5 Questions for Maria Howell
Class of '83 (Actor, Singer & Producer)
What is a favorite memory of your days at WSSU?There are too many to narrow down, but definitely singing in the University Choir and meeting some of my lifelong friends.
What might the Ram family be surprised to learn about you?Most Rams think I majored in music/arts, but I have a B.S. in biology and a minor in chemistry. And, that I'm shy in a lot of ways. I just learned to "act in the midst of fear".
How did WSSU prepare you for success?By being resourceful . . . making do with very little. When I attended, we didn't have a lot, so we depended on each other. Teamwork is important.
What advice do you have for students interested in performing (acting, singing, etc)?First and foremost . . . get a degree! Believe in yourself like your life depends on it, study and learn your craft artistically and professionally, and "don't quit" . . . that is . . . if you really want it. And, be realistic and not get caught up in the hype. Stay grounded.
What projects are you working on now?I'm working on two projects currently . . . In "Revolution", I play the part of "Grace Beaumont" (it airs Mondays, starting September 17th at 10 p.m. on NBC). I'm also producing a beautiful and inspiring documentary with my good friend Mike Ray (director) called "The Helen Lindsey Story". She's also a Ram.
Keep up with Maria on her website or on Facebook.
Delegation from China at WSSU to Create Dual Degree Program with WSSU
A delegation from Hubei University of Chinese Medicine visited Winston-Salem State University (WSSU) to sign an agreement establishing a dual degree program that will allow nursing students at Hubei University to transfer to WSSU to pursue a Bachelor of Science degree in nursing. The first group of nursing students from China is expected in fall 2014. WSSU initially signed an agreement to collaborate on professional nursing education in September 2010. See photos: Set 1; Set 2.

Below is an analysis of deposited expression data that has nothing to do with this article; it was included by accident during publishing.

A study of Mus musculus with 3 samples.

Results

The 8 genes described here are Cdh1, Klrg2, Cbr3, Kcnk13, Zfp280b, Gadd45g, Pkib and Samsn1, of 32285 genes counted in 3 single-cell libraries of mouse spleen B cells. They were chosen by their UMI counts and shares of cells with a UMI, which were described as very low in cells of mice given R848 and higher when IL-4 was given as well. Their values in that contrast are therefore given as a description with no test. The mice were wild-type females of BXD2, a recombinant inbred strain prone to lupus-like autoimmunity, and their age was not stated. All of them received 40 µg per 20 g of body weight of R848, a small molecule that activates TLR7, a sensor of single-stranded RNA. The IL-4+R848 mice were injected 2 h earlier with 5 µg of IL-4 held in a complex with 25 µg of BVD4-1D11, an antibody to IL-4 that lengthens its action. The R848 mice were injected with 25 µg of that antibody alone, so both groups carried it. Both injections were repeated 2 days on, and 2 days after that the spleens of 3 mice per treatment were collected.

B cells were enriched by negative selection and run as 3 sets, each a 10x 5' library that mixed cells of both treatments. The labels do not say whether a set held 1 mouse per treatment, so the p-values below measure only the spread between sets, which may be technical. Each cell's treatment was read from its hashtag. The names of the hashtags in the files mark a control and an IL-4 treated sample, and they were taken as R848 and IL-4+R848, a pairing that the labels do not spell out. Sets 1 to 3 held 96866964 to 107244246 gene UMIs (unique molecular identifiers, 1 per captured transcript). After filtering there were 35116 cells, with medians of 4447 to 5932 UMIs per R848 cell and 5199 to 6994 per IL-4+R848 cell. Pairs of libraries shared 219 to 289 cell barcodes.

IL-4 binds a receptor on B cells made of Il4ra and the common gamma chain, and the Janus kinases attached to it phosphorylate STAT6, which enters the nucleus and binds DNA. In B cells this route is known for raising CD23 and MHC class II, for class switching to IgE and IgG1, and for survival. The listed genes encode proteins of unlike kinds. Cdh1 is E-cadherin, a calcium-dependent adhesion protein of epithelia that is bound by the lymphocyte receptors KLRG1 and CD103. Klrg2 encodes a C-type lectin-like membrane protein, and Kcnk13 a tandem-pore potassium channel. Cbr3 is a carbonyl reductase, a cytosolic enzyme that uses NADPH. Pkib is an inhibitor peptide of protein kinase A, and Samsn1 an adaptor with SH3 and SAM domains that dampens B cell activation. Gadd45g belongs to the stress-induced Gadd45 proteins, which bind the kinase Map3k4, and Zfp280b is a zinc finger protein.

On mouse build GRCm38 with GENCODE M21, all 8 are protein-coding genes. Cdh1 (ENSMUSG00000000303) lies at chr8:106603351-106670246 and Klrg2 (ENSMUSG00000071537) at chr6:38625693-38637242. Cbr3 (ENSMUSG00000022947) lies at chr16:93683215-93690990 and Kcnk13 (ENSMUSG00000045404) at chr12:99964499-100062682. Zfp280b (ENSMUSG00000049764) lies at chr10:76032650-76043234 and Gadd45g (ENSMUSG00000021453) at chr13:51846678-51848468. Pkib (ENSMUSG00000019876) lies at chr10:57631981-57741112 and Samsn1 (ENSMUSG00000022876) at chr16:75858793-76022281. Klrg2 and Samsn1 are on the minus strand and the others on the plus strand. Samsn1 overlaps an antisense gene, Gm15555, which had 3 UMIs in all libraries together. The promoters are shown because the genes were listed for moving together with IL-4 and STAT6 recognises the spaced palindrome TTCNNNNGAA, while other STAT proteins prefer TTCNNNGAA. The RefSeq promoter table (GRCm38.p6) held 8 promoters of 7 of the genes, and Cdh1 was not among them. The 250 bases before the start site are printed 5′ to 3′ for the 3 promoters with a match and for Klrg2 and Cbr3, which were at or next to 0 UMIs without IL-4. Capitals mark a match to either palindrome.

WSSU Celebrates 120 Years
As we prepare to celebrate the 120th Anniversary of Winston-Salem State University this year, we thought it would be interesting to ask our alumni to help us tell the school's story through their life experiences whether they were at "TC," "WSS" or "WSSU". We will include some of these stories in the 2012 issues of Archway and also share some excerpts here in Ram Bits. We're calling these stories "Life Reports" and here is an excerpt from one we received recently.
"I was a non-traditional student from 88' to 92'. During my time there, I had many professors who took the time to personally advise and encourage me in my journey. One particular time as my mother was on her deathbed and I was going through a divorce, Dr. May comforted me as she shared how she got through the death of her own mother. Even though that was in 1992, I remember her sincere concern like it was yesterday."
Joyce Tyler Irby (It was Davidson then)
92' Education Grad, Summa Cum Laude
What's your story?
What are your fondest memories of your days on campus? How has the university impacted your life? What advice would you give to today's students? Let us hear from you
and help us share the proud history of our school.
Vic Johnson Honored for Role in Civil Rights Movement
The City of Winston-Salem has honored Vic Johnson '61, vice chair of the university's Board of Trustees, by designating the intersection of Old Greensboro Road and Waterworks Road as "Victor Johnson, Jr. Way" in commemoration of his contributions to the community as an educator, a community servant and as a father. Vic was recognized for his years of service to the Winston-Salem/Forsyth County School System as a teacher and administrator as well as his service on the system's Board of Education. The city's proclamation also noted Vic's role as a WSSU student in the civil rights movement of the 1960s when he and other students were involved in the integration of lunch counters in Winston-Salem.